On Tuesday, the Chicago-based 7th Circuit Court of Appeals struck down Illinois’s ban on carrying ready-to-use firearms. Moore v. Madigan is written by Judge Richard Posner, possibly the most famous non-Supreme Court judge in the country, and is an important extension of the Second Amendment right to keep and bear arms. Judge Posner’s decision makes it very clear that the right to self-defense entails more than just allowing people to keep guns in the home.
In the landmark case of United States v. Heller, a case in which Cato was intimately involved, the Supreme Court struck down the District of Columbia’s near total-ban on having guns in the home. Two years later, in McDonald v. Chicago, the Court expanded this protection to the states, striking down Chicago’s equally draconian gun ban.
Ever since those two cases established and expanded the right to keep and bear arms, lawyers have been testing the waters to see how far the Supreme Court’s ruling goes. Heller held that the protection of the home with a reasonable firearm (i.e. a handgun, not a rocket launcher) is the core of the Second Amendment. While that right cannot be totally eliminated by states and municipalities, it is still subject to reasonable regulation. Yet this holding only addressed the Second Amendment right to keep arms, not to bear them. Both words are in the Amendment and both words clearly mean different things.
Up until Tuesday, Illinois was the last state to flatly ban all carrying of ready-to-use guns outside the home. Since the mid-1980s there has been a remarkable proliferation of states that offer concealed-carry permits. As you can see from this nifty animation, in 1986 only 34 states allowed their citizens to carry guns. Moreover, most of those states had “may-issue” permitting, meaning that local officials are given broad discretion in choosing who gets a permit. “May-issue” statutes often contain discretionary language such as, “if the sheriff determines the applicant to be of good moral character and of having proper cause for wanting a permit then he may issue a permit.” While “may-issue” laws are better than “no-issue” laws, they imbue local officials with far too much discretion over whether a citizen is of sufficient “moral character” and has “proper cause” to be allowed to exercise her fundamental right to self-defense. In a decision that Judge Posner criticizes in Moore, the Second Circuit recently upheld New York’s “proper cause” provision.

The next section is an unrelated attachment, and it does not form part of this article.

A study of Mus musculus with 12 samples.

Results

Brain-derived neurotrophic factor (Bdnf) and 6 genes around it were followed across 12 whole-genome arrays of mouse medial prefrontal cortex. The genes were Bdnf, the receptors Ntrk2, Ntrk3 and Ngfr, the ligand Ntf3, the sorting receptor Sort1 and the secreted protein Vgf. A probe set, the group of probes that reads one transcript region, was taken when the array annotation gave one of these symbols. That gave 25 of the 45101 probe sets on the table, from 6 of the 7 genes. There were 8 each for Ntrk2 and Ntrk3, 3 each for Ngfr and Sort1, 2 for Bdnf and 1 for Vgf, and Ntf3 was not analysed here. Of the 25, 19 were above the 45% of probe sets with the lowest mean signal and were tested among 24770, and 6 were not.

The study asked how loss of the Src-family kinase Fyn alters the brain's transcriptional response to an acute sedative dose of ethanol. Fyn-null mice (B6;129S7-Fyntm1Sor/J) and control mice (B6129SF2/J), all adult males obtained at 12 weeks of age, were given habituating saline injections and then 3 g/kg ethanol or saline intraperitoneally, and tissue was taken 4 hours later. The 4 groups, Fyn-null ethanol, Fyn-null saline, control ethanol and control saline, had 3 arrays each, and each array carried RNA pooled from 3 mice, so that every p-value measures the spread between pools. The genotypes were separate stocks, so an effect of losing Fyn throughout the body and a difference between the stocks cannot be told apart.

As you can tell by the animation, the growth in “shall-issue” states is astounding. Today, unless you live in Illinois, you may be surrounded by many legally gun-toting citizens, and while you may not have noticed this, trust me, the criminals have. And despite this massive increase in the legal carrying of weapons, crime is still going down and we are not living in a modern recreation of the Wild West. Instead, as Clayton Cramer and David Burnett documented in the recent Cato study, Tough Targets, those carrying weapons are increasingly using them to protect themselves and to save lives.
In his decision, Judge Posner discusses the evidence on both sides of the debate over the relationship between guns and crime. He also decides that the evidence is more or less irrelevant to the question of whether the Illinois ban can survive:
In sum, the empirical literature on the effects of allowing the carriage of guns in public fails to establish a pragmatic defense of the Illinois law. Anyway the Supreme Court made clear in Heller that it wasn’t going to make the right to bear arms depend on casualty counts. If the mere possibility that allowing guns to be carried in public would increase the crime or death rates sufficed to justify a ban, Heller would have been decided the other way, for that possibility was as great in the District of Columbia as it is in Illinois.
Posner then finds the Illinois ban squarely proscribed by the plain language in Heller and McDonald:
A woman who is being stalked or has obtained a protective order against a violent ex-husband is more vulnerable to being attacked while walking to or from her home than when inside. She has a stronger self-defense claim to be allowed to carry a gun in public than the resident of a fancy apartment building (complete with doorman) has a claim to sleep with a loaded gun under her mattress. But Illinois wants to deny the former claim, while compelled by McDonald to honor the latter. That creates an arbitrary difference. To confine the right to be armed to the home is to divorce the Second Amendment from the right of self-defense described in Heller and McDonald.
The decision is certainly an important victory for the right to self-defense. We will now wait to see if Illinois appeals the decision. While Judge Posner struck the ban down, he delayed his mandate for 180 days in order to “allow the Illinois legislature to craft a new gun law that will impose reasonable limitations, consistent with the public safety and the Second Amendment as interpreted in this opinion, on the carrying of guns in public.”
My prediction is that, rather than risk the Supreme Court affirming the ruling, Illinois will impose a severely limited permitting system. Either way, this is certainly the most important case decided under the Second Amendment since McDonald.